Is your motorcycle battery not charging? Are you frustrated trying to figure out the reason why it won’t start? Are you even more frustrated that you’re struggling to fix it? If you are finding yourself in this position, this post can help you find some answers.
A motorcycle battery isn’t charging because it is dead. This can be fixed by removing the battery and cleaning the posts, checking the open-circuit and cell voltage, refilling the cells with Epsom salts, fully charging the battery, and performing a motorcycle battery load test.
To learn more about why your motorcycle battery isn’t charging and how to fix that, keep reading.
Why The Battery Is Dead
This issue can be resolved fairly easily with a few steps:
- Remove the battery and clean the posts.
- Check the open-circuit and cell voltage.
- Refill the cells with Epsom salts.
- Fully charge the battery.
- Perform a motorcycle battery load test.
Once these steps have been completed in order and in their entirety, the battery should restart without any issue. If the battery does not respond or revive at all, that is an indicator to purchase a new battery.
Remove The Battery And Clean The Posts
The first step to fixing a dead battery is to remove it from the motorcycle so various parts of the battery are more accessible to work on. It is important that you make sure that the battery is fully cooled before removing it from the motorcycle. Once you have the battery removed, you can then take a screwdriver and remove the negative cable followed by removing the positive cable.
If after removing the cables you see any corrosion, you can clean that off by making a paste with baking soda and distilled water and carefully scrub it off with steel wool or a toothbrush. Be patient, corrosion can take some time to work off.
Check The Open-Circuit and Cell Voltage
Now that you have the posts removed and cleaned, you can get a more accurate read of the battery’s open-circuit voltage. When using a voltmeter, make sure it is equipped with a Multimeter in DC voltage mode. The red probe should be connected to the positive post, with the black probe connected to the negative post. Once those are properly connected, your voltmeter should give you a reading on the voltage of the battery.
A healthy battery is typically 12.6v or higher, if the reading is 7.5v or lower that is a sure sign that your battery needs to be replaced altogether. If your battery is between 0 to 7.5v, your battery is majorly damaged and it would be worthless trying to revive it.
To check the cell voltage, do not use the voltmeter. You will need to use a multimeter. To do this, you will have to expose the cells by removing the plastic cover that is attached to the top of the battery. After that is done, attach the negative probe to the negative terminal and dip the end of the red probe into each cell’s electrolyte. This will give you a reading on the DC voltage mode. If it is under 1.50v, it means the cells are weak but revivable. If it is under 1v or 0v, there is no purpose in reviving them.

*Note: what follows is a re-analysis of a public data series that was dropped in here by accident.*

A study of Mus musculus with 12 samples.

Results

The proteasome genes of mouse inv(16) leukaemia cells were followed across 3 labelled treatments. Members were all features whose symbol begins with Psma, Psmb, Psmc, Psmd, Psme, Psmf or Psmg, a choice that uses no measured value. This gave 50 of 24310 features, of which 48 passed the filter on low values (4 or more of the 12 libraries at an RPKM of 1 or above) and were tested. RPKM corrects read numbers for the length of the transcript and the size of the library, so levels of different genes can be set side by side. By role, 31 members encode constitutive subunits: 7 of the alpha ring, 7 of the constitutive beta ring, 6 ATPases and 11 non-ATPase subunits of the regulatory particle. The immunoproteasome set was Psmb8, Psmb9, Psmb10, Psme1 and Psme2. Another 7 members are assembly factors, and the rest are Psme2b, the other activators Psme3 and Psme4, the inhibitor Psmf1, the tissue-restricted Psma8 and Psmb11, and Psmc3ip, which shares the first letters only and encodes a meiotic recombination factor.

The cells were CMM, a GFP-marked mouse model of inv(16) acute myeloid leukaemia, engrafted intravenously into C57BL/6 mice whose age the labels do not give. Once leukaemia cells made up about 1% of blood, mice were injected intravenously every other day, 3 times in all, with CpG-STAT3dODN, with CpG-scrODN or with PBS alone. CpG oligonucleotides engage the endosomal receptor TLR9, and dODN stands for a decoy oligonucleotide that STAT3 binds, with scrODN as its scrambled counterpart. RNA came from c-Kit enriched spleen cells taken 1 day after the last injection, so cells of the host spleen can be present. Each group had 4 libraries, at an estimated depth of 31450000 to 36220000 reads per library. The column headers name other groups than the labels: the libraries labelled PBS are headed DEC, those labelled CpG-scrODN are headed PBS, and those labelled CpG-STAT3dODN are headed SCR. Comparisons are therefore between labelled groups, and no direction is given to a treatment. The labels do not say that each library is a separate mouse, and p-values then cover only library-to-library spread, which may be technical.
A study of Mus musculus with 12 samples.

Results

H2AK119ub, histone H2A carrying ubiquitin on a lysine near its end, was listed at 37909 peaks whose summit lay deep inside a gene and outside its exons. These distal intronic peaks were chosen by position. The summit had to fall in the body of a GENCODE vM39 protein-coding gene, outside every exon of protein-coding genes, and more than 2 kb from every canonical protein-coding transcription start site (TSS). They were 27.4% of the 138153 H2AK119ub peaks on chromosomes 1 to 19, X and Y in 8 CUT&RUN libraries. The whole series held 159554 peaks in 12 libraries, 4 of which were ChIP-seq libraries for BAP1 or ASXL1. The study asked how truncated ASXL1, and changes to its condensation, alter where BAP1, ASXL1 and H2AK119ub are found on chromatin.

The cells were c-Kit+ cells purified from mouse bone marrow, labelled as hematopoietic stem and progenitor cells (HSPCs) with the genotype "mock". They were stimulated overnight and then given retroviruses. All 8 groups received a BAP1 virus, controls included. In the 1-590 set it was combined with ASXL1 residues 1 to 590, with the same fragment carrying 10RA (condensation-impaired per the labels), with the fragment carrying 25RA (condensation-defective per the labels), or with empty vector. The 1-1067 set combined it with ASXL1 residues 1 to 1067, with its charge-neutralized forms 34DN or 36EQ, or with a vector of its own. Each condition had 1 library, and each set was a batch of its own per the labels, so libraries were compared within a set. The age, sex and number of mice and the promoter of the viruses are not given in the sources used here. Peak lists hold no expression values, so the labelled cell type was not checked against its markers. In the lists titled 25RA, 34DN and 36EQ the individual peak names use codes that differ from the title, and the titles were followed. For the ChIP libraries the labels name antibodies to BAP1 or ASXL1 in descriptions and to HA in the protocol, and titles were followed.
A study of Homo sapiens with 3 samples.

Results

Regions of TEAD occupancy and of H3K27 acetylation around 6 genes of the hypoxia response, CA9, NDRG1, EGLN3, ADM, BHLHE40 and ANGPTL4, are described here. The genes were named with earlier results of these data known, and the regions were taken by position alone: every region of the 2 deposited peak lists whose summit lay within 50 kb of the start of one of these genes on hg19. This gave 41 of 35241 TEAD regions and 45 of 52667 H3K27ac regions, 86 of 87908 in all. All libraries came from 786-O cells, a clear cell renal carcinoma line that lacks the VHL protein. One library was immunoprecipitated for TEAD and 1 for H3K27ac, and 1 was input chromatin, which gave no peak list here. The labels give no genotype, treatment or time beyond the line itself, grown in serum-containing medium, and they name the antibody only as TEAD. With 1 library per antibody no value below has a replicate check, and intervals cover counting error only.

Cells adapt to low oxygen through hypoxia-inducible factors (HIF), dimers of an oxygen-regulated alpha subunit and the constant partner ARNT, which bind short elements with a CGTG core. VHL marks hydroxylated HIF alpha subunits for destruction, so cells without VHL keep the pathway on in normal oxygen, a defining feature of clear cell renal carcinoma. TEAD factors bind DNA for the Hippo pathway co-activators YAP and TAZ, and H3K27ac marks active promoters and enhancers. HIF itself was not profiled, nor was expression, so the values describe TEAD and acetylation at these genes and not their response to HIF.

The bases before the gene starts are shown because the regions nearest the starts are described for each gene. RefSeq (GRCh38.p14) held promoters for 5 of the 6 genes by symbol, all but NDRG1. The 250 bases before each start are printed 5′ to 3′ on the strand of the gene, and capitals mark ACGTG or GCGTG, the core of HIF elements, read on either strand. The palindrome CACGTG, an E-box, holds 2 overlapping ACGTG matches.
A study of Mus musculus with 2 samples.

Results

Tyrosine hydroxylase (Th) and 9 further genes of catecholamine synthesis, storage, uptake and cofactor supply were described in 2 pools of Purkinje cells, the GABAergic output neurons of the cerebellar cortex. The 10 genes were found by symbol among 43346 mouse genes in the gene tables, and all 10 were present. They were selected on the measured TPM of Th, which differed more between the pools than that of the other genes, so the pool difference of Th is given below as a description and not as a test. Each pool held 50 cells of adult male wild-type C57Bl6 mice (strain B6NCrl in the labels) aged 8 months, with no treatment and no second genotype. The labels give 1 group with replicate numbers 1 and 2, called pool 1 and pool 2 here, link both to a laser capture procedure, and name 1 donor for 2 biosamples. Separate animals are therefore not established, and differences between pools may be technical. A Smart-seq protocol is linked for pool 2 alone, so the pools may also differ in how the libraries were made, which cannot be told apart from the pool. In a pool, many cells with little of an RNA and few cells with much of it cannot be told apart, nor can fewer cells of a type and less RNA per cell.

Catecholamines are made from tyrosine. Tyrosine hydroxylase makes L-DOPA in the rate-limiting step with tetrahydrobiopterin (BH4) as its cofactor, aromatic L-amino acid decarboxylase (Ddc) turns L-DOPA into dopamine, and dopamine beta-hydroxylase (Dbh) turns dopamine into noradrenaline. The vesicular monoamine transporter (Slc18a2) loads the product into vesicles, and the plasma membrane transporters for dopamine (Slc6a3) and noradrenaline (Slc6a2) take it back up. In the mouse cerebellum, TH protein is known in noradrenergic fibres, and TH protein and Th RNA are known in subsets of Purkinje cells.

Refill The Cells With Epsom Salts
Now that you are sure that you can revive the battery, carefully empty the cells into a bucket, along with the sulphuric acid. Take care and wear protective gloves and goggles. When all the acid is out of the battery, add baking soda to the bucket. This will neutralize the acid. After doing that, boil a quart of distilled water with 8oz of Epsom salt until the salt is dissolved. Turn off the heat and let the water cool completely and then take a syringe or funnel and pour the mixture into each cell until they are full.
Do not put the caps back on yet. You will need them off for the next step.
Fully Charge The Battery
Take the battery and place it on the charger. At the very least, the battery will need to remain on the charger for 18 hours, and at the very most 24 hours.
The charging capacity will vary depending on what charger you use, but it is always a good assumption to leave the caps off when charging. This is important because if you were to put the caps on before charging, pressure could develop underneath the caps and create safety issues, such as the battery overheating causing the liquid to spill out.
After the charging period is completed, you will need to retest the open circuit. This will tell you whether or not the battery is fully charged or not, indicating if you need to let the battery charge more if you have not already reached the maximum time limit. If the battery is fully charged, it should be between 12.6v and 12.7v.
Perform A Motorcycle Battery Load Test
The final and most important step is the battery load test. To perform this test, you will need a battery load tester which will give you the diagnosis of whether or not your steps and efforts to improve your dead battery were successful or not.
Once you have those results, it is time to place the battery back in your motorcycle. Make sure it is connected correctly, with the positive jumper connected to the positive port and the negative jumper connected to the negative port. When the battery is properly placed back in the motorcycle, you will need to test the voltage one more time with your multimeter. If the bike starts with no issues and reads as 9.5v or higher, your bike has successfully been recharged.
If your battery falls under the 9.5v, you can take it out again and run through the process one more time, but unfortunately, if your battery falls under 6v, there is no use trying to revive it again and you will need to replace the battery entirely.